This was the 6th post (Day 6) of an entire year-long series, which I named ‘Project 365′. The idea was simple enough: travel for a full year and document every day of it, in the form of a daily picture and poem. I am still working on a book of this year-long travel, but till then, enjoy all the posts here. You can check out the daily posts in the details below or jump to the final day of the project by clicking here.
7th July 2014 – Sydney, Australia (Day 6)
Between the jets of water, and the prancing rays, Only a whimper of my camera stays, Between all the beautiful sights and the unending ride, In Jekyll we lost our trust, we placed it all in Hyde.
Morning walking through Sydney has proved itself to be picturesque for me the past few days, as I found out at St. Mary’s cathedral and the Royal botanic gardens. And today was not going to be any different.
I stepped out early morning, to see Hyde park, which was also the oldest public park in Australia. Borrowing its name from the original Hyde park in London, the Australian cousin was no pushover. Apart from being a venue for morning joggers and bunch of kids who practiced free-letics (thats street athletics, or something like that), Hyde park was also home to a wide array of monuments and artworks. This included the ANZAC war memorial, a statue of James cook, a giant chess set and a 22metre high obelisk.
And then, there was the Archibald fountain, which I had come to see today morning, with its beautiful silhouettes against the rising sun.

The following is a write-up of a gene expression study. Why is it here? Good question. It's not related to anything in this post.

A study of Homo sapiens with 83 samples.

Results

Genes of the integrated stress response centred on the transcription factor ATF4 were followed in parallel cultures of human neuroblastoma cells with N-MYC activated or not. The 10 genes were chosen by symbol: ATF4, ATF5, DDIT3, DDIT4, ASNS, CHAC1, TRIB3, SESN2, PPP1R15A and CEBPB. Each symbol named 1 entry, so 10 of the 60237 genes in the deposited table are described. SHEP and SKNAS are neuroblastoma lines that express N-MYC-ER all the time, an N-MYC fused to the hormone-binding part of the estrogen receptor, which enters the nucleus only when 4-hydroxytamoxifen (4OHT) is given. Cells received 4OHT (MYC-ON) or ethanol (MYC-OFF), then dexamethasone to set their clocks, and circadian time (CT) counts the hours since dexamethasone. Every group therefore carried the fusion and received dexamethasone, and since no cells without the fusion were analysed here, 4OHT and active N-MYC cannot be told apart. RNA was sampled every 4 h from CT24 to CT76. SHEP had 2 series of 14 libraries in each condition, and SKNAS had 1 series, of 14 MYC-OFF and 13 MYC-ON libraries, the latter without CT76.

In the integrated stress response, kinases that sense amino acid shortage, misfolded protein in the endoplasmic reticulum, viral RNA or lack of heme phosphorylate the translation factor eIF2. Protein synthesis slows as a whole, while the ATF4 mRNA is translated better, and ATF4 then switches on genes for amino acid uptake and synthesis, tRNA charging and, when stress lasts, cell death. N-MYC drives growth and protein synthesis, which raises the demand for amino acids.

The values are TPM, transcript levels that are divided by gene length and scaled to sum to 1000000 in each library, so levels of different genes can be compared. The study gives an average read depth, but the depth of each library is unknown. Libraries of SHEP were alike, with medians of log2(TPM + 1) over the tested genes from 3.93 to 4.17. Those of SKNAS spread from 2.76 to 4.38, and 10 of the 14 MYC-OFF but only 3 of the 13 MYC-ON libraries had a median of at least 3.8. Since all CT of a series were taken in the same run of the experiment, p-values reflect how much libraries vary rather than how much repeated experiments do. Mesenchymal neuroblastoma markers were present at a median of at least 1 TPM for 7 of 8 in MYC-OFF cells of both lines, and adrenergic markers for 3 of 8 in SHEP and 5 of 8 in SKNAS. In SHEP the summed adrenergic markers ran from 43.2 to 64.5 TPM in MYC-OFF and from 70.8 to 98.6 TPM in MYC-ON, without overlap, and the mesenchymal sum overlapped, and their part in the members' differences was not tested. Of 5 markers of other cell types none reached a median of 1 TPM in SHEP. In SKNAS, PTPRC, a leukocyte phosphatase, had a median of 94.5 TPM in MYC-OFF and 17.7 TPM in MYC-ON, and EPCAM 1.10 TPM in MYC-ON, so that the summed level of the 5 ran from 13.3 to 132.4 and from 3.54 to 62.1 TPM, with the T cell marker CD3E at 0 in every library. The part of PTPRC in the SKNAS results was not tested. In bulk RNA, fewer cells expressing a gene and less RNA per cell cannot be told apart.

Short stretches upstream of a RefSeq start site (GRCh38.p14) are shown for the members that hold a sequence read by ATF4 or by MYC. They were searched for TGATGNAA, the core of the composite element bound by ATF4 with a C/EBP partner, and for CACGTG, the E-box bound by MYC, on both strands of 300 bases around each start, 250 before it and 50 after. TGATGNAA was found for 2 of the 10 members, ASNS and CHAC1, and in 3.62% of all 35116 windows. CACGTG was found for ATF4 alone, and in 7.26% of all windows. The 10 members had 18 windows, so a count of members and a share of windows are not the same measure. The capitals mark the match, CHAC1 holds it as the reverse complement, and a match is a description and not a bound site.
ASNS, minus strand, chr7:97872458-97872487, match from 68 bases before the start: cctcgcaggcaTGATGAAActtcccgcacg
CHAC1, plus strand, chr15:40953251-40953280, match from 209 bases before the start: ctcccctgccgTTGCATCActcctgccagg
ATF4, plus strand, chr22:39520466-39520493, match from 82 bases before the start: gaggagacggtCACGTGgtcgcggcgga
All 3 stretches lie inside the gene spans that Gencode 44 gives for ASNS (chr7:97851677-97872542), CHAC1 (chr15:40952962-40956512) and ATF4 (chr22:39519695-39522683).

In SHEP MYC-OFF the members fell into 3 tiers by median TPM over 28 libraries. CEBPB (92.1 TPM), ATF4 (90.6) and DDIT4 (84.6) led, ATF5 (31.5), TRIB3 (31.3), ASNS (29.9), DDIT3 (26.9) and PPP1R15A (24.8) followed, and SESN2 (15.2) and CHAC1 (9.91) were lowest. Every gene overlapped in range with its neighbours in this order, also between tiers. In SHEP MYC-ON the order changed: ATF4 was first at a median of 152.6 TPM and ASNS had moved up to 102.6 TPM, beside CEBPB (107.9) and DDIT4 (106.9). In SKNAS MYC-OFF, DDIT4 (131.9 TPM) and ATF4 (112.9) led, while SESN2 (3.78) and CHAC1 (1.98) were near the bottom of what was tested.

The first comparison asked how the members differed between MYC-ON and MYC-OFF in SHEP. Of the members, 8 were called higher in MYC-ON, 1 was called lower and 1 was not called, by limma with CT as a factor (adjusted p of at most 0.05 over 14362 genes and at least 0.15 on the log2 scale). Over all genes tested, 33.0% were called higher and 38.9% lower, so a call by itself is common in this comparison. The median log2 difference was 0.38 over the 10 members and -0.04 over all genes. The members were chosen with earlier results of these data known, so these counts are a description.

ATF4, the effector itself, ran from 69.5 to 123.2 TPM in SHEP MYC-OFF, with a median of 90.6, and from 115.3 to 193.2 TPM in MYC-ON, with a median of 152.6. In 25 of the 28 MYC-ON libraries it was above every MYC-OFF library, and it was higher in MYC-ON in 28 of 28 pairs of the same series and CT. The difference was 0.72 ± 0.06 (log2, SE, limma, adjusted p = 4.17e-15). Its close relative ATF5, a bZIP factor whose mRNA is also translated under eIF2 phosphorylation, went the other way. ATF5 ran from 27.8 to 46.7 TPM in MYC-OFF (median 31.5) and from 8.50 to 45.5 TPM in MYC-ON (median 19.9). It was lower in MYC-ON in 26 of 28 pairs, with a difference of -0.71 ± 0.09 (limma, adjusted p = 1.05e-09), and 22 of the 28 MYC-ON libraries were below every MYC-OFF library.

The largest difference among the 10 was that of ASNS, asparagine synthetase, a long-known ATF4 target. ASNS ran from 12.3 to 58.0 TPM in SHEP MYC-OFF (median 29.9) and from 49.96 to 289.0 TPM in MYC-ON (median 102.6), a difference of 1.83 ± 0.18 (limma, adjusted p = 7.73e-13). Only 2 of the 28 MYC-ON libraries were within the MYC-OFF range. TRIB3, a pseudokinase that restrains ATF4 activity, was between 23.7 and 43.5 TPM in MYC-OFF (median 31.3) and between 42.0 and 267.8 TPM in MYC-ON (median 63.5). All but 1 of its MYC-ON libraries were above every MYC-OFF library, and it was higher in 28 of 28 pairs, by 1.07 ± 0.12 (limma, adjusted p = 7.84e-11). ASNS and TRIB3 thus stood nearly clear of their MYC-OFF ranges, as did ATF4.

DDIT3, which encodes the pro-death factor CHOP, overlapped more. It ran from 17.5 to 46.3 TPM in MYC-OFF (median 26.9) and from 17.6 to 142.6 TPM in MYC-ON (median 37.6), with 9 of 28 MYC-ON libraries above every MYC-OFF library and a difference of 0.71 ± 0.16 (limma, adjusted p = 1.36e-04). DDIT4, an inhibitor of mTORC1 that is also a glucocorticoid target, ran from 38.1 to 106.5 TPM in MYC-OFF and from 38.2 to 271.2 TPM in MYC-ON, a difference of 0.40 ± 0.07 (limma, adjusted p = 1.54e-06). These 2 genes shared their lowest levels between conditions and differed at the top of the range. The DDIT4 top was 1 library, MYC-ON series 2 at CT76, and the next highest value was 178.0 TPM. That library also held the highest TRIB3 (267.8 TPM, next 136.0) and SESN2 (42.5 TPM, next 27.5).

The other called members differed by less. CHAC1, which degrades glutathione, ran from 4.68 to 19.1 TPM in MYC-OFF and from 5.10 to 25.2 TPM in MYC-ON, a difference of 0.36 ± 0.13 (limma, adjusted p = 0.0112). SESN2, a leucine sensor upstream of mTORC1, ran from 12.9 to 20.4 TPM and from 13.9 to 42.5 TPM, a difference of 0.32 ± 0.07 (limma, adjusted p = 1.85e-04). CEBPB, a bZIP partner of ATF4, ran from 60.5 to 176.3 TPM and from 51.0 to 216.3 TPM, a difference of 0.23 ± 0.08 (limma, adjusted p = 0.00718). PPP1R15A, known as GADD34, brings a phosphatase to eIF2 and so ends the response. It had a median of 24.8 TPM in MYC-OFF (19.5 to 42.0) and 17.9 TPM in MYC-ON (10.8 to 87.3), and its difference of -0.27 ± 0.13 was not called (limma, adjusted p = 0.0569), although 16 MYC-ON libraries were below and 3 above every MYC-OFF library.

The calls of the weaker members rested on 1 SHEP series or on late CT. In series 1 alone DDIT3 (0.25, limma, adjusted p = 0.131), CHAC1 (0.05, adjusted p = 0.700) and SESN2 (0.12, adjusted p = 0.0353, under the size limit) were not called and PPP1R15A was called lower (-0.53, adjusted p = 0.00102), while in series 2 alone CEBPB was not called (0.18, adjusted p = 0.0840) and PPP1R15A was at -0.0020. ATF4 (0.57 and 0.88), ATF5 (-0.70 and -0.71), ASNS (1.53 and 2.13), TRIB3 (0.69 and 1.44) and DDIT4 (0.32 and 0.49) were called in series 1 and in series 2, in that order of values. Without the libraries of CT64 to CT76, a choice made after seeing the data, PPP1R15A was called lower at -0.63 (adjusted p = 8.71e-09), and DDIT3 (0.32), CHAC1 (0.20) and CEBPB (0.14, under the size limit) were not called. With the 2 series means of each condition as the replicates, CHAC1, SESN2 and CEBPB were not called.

Commissioned by J.F. Archibald and designed by Francois-Leon Sicard, the Archibald fountain is a tribute to the Australian-French partnership during World War I. Which was also why J.F. Archibald wanted it to be designed by a Frenchman, although Sicard never actually saw his structure erected in Hyde park (he had completed it in Paris).
After seeing the sunrise around 5.45 am, I hung around for another hour. Simply watching how the morning light engulfed the fountain, transforming itself more vividly by the minute. The central figure of the fountain – Apollo, with his outstretch arm displaying protection for the world – seemed to welcome his namesake, the sun, as the rays started shining more brightly on the fountain.
Apollo is surrounded on 3 sides with 3 different group of statues. Diana, the goddess of purity, stayed to his left. Pan, the god of wild and flocks, sat mildly vapid to his right. But my personal favorite are the 2 statues behind the fountain, which you may not see at the first sight.
Theseus fights minotaur, at the back of Apollo. Signifying a giant sacrifice, and also a significant victory for the spirit.
The spirit. Isn’t that what we all strive to protect and triumph?